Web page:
Craig Clough | November 11, 2015


On Dec. 1 it will be a year since FBI agents showed up at LA Unified’s headquarters with a federal grand jury subpoena and carted off 20 boxes of documents related to the district’s controversial iPad program.

Since that day little if any new information has been publicly revealed about the investigation’s status, and that is primarily due to the secrecy laws that surround federal grand juries. Unless the jury issues an indictment or an investigative report, the evidence and testimony is by law to remain forever sealed, and leaks of federal grand jury evidence are extremely rare.

With almost a year passed since the subpoena, it is possible the grand jury found no evidence of wrong doing and has dissolved, but James A. Cohen, an associate law professor at Fordham University, said it’s unusual — though not impossible — for a grand jury investigation to take more than a year.

“It’s coming up on a year in December. It’s a long period, no question. It’s not that unusual, but it is still on the unusual side,” he said.

Cohen helps run Fordham’s Federal Litigation Clinic, which represents defendants charged with federal crimes; he has also written about and researched the grand jury system. Cohen pointed out that an LA Unified school board agenda item from August, as was reported by LA School Report, indicates that the district’s lawyers might have foreseen trouble coming from the investigation or a related lawsuit.

The brief item, which simply said the board was going to discuss the case in a closed session, was listed on the agenda due to a state law that reads “on the advice of its legal counsel, based on existing facts and circumstances, there is a significant exposure to litigation against the local agency.”

Cohen said this is an important indicator.

“I think what it means, what it has to mean, is somebody, a civil lawyer representing (LA Unified), has gone through the documents that were sent to the FBI and concluded that there is liability out there,” Cohen said.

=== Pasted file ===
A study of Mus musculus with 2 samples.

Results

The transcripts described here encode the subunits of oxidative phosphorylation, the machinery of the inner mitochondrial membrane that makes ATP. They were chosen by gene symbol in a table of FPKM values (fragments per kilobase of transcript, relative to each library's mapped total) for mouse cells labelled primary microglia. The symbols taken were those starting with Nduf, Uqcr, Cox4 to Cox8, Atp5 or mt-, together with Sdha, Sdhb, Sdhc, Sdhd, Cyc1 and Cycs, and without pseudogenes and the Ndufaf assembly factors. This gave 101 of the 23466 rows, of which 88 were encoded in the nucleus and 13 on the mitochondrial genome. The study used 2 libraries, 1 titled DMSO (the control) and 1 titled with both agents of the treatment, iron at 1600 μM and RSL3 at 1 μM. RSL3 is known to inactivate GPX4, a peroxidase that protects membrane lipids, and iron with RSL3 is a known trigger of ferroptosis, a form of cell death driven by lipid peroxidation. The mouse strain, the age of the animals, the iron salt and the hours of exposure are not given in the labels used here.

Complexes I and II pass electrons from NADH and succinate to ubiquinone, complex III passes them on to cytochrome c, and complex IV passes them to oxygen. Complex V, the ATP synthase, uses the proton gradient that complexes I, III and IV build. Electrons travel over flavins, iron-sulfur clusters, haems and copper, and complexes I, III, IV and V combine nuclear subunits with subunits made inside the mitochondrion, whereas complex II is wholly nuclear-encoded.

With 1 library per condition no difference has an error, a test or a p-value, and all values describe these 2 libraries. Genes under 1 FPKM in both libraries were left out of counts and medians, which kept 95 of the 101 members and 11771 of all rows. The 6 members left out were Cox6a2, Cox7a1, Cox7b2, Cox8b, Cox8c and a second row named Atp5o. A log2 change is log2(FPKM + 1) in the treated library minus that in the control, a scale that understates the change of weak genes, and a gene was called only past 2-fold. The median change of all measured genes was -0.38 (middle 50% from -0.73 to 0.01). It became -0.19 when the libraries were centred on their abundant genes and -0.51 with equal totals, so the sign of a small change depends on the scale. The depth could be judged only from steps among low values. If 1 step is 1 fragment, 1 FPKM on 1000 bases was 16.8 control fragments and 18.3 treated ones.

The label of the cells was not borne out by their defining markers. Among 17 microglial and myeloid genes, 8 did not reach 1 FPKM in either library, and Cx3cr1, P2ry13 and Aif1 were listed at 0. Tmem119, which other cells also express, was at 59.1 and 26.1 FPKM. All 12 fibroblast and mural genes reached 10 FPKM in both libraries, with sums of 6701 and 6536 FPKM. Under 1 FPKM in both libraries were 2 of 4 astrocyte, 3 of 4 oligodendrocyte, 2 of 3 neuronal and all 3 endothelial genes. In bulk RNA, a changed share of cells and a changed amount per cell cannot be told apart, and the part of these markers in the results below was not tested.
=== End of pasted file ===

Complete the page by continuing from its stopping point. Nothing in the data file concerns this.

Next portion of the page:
The grand jury subpoena in particular sought information related to the bidding process for the massive $1.3 billion Common Core Technology Project. The controversial program, which aimed to give every student and teacher in LA Unified a computer tablet, was one of the major initiatives undertaken by former Superintendent John Deasy, who resigned 13 months ago.

Deasy paused the purchase of new iPads under the contract in August of 2014 after emails surfaced showing that he and a deputy, Jamie Aquino, had a close relationship with Apple and Pearson, a company that provided educational software for the iPads. Deasy’s successor, Ramon Cortines, cancelled the contract the day after the FBI seized the documents and later abandoned the goal of giving every student and teacher a tablet.

The emails showed that both Deasy and Aquino were in close contact with Pearson and Apple before the contract was awarded. Aquino was a former employee of a Pearson subsidiary, and to some it looked as if the bid was rigged in favor of Apple and Pearson. In media interviews, both Deasy and Aquinio denied any wrong doing. Aquino had already left the district when the emails were revealed, and Deasy resigned just a few months later.

While the targets of the FBI investigation are unknown, Cohen said anyone indicted on charges related to bid rigging would be facing the potential of serious jail time.

“Mail fraud and wire fraud are favorites of federal prosecutors. You’ve got all sorts of bribery statutes. Those would be the kind (from bid rigging). There’s also conspiracy and aiding and abetting,” he said.

While there is supreme secrecy surrounding federal grand juries, an exception is that anyone called to testify before a grand jury is free to speak publicly about their own testimony.

“The secrecy for grand juries is very strict. There is an attorney general in the state of Pennsylvania who is under indictment for leaking grand jury materials. It’s just a statement for how serious the courts take it,” Cohen said. “Witnesses are discouraged from (speaking publicly). So a prosecutor will have a meeting with them, making it clear that we strongly discourage you from saying anything about your testimony, and only if asked.”

Both Deasy and Aquinio did not respond to a request to comment on this story or to discuss any testimony they may have given to the grand jury, although it is unknown if they were subpoenaed to do so.

If the grand jury were not to issue any indictments, Cohen said there are only two possible outcomes. One is the jury will dissolve and any evidence it gathered would be forever sealed, barring a leak. The other option is for the jury to issue an investigative report, which essentially means it found no criminal liability on the part of any individuals but did find problems with how an organization is operating.

“The grand jury may in fact come up with nothing and they may not find anybody to indict, but the jury might say we find the following flaws in the bidding process,” Cohen said, adding that investigative reports are rare.